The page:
Session Type: Abstract Session
Session Time: 10:00AM-10:50AM
Background/Purpose: Anticytokine biological disease modifying anti-rheumatic drugs (bDMARD), which are widely prescribed for Inflammatory Rheumatological Diseases (IRD) are currently undergoing clinical trials for the treatment of Covid-19. Despite indicators that bDMARDs ought to reduce adverse outcomes through inhibition of hyperinflammatory cytokine storm events, only one global registry of 600 Covid-19 IRD patients has indicated that pre-treatment with the tumour necrosis factor inhibitor class of bDMARD protects against hospitalisation. Furthermore global registry reports of admission rates of 46% in IRD are at variance with lower rates recently published in the NEJM, suggesting a potential reporting bias in registry data towards hospitalised patients, including those who may only become infected during hospitalisation for an unrelated condition.
Methods: To eliminate reporting bias we contacted 7,500 patients comprising 4,524 with IRDs and 2,976 with non-inflammatory disease (nIRDs) attending Trinity College Dublin aligned academic Rheumatology centres, collecting data up to the end of the 1st pandemic wave in Ireland on 03rd June 2020. Cross-referencing with test-centre positive polymerase chain reaction (PCR) results and mortality data was performed to ensure complete collation of cases.
Results: We identified 77 cases of PCR or physician diagnosed COVID-19, of whom 68 were community acquired (supplementary table 1) and 9 were hospital acquired. No differences were seen in cumulative incidence/100,000 of COVID-19 between IRD (884), non-inflammatory rheumatic disorders (nIRD, 940), or incidence rates for metropolitan Dublin (887). In subgroup analysis of community acquired infection, hospitalisation was statistically less likely in patients receiving long-term anticytokine biological therapies (P< 0.05). This significance was lost when hospital acquired cases were included. In further analysis of the 40 IRD and 28 nIRD community acquired cases, hospitalisation was more likely to occur in those receiving glucocorticosteroids (p< 0.01) or those diagnosed with type 2 diabetes (p< 0.05). Lower hospitalisation rates for community acquired Covid-19 in IRD (15%), equivalent to national figures (13%) were observed.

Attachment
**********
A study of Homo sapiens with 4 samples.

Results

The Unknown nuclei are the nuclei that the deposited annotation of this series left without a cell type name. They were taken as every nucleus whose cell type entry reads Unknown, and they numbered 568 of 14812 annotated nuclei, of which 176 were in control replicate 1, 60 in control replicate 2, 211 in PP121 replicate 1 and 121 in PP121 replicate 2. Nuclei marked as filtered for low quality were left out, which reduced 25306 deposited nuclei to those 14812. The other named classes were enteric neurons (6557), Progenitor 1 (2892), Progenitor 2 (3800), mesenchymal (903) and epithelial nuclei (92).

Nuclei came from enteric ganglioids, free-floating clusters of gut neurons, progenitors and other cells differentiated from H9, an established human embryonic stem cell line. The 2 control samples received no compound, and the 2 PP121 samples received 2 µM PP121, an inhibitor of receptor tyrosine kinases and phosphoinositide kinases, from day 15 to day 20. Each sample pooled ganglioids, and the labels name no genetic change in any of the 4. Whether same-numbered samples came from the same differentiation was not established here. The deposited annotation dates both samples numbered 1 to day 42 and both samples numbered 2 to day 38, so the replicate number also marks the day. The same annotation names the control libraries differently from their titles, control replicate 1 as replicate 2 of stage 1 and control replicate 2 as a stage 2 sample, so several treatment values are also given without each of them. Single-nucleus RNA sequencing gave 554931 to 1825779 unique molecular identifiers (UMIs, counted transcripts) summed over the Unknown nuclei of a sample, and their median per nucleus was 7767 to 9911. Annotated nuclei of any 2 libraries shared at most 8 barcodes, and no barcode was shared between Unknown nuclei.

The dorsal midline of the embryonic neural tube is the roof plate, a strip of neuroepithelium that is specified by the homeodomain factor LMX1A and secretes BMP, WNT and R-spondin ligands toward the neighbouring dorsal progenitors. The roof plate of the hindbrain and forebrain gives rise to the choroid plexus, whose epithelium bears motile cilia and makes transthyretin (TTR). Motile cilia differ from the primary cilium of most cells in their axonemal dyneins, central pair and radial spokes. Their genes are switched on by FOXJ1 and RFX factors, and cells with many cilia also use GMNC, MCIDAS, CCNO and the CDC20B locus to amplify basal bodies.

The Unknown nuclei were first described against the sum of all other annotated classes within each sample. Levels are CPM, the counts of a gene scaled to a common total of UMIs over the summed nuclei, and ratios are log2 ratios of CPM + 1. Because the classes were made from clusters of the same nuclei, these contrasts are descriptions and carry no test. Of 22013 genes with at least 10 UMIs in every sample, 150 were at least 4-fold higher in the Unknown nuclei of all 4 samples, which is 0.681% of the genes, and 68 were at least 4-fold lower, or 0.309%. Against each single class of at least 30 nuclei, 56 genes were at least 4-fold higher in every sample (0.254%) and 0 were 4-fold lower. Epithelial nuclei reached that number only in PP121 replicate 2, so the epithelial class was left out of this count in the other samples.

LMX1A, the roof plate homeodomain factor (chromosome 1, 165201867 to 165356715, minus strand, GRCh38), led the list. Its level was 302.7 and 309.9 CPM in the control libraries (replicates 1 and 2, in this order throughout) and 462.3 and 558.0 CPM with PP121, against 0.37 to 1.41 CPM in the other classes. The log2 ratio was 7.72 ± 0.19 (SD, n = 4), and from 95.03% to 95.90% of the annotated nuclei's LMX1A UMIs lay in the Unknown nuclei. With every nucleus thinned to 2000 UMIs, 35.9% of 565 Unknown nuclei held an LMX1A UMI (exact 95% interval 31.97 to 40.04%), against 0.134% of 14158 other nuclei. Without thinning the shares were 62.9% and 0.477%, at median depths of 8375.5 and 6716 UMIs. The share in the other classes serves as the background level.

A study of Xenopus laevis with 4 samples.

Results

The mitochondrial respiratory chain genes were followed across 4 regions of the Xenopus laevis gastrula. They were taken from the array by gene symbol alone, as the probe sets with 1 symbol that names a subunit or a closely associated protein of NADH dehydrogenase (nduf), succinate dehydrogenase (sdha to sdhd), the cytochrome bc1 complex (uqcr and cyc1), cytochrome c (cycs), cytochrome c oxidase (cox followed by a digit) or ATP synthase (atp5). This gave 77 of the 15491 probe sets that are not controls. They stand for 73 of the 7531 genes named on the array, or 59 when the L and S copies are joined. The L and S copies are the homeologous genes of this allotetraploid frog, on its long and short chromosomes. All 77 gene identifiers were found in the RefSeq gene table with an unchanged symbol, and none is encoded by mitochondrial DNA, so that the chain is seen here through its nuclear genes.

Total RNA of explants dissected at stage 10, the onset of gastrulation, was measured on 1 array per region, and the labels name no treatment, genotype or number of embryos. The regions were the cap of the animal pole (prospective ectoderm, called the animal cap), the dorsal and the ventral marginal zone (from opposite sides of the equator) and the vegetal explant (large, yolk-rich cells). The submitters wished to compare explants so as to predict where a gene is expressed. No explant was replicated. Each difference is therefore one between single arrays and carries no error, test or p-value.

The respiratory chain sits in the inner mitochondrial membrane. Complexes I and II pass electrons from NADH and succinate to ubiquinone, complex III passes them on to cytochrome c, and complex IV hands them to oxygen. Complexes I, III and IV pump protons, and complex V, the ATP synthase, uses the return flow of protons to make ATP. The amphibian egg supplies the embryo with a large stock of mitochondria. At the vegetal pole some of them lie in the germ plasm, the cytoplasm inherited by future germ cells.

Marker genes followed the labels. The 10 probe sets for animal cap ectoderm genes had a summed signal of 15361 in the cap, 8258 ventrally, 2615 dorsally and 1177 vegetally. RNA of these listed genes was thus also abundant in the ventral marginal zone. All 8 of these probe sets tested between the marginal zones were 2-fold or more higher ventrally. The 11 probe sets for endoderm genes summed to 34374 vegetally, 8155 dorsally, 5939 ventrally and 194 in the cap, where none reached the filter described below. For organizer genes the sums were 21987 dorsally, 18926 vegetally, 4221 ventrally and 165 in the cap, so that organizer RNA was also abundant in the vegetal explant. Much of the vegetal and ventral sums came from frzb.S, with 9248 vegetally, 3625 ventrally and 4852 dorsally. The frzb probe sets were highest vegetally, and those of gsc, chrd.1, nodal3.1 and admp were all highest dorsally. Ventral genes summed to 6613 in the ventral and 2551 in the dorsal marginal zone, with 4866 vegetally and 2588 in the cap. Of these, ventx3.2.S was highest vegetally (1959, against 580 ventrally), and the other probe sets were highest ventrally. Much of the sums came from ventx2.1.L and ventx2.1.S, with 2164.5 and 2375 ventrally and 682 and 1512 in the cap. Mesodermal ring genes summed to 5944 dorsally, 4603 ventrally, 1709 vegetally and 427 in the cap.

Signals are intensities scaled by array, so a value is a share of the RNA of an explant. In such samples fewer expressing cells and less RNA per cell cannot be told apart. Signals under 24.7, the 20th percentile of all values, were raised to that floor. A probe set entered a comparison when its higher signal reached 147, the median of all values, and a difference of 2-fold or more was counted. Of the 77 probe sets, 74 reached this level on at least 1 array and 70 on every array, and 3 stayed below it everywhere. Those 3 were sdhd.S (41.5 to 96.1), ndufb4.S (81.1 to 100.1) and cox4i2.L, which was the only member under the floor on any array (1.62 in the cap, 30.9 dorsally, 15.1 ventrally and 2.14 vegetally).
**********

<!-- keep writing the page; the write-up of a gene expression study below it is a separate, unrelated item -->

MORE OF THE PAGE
Conclusion: Unintentional bias in reporting hospitalised COVID-19 cases to IRD registries and the inclusion of hospital acquired cases during data analysis, may lead to spurious overestimates of overall morbidity while masking critically important information on the role of anticytokine therapies in preventing hospitalisation. Although our dataset is small, these results suggest a much more powerful role for anticytokine therapies in treating COVID-19 than existing published registry data indicate. Further analysis using existing datasets on community acquired cases, are likely to more rapidly identify existing drugs to treat COVID-19, which are urgently required to improve health outcomes.
To cite this abstract in AMA style:Flood R, Conway R, Kane D, Mullan R. Anticytokine Therapies for Inflammatory Rheumatic Disease (IRD) Are Associated with Reduced Hospitalisation Following Community COVID-19 Infection; Results of the Trinity Rheumatology and Covid-19 Registry – TRACR [abstract]. Arthritis Rheumatol. 2020; 72 (suppl 10). https://acrabstracts.org/abstract/anticytokine-therapies-for-inflammatory-rheumatic-disease-ird-are-associated-with-reduced-hospitalisation-following-community-covid-19-infection-results-of-the-trinity-rheumatology-and-covid-19-reg/. Accessed May 8, 2021.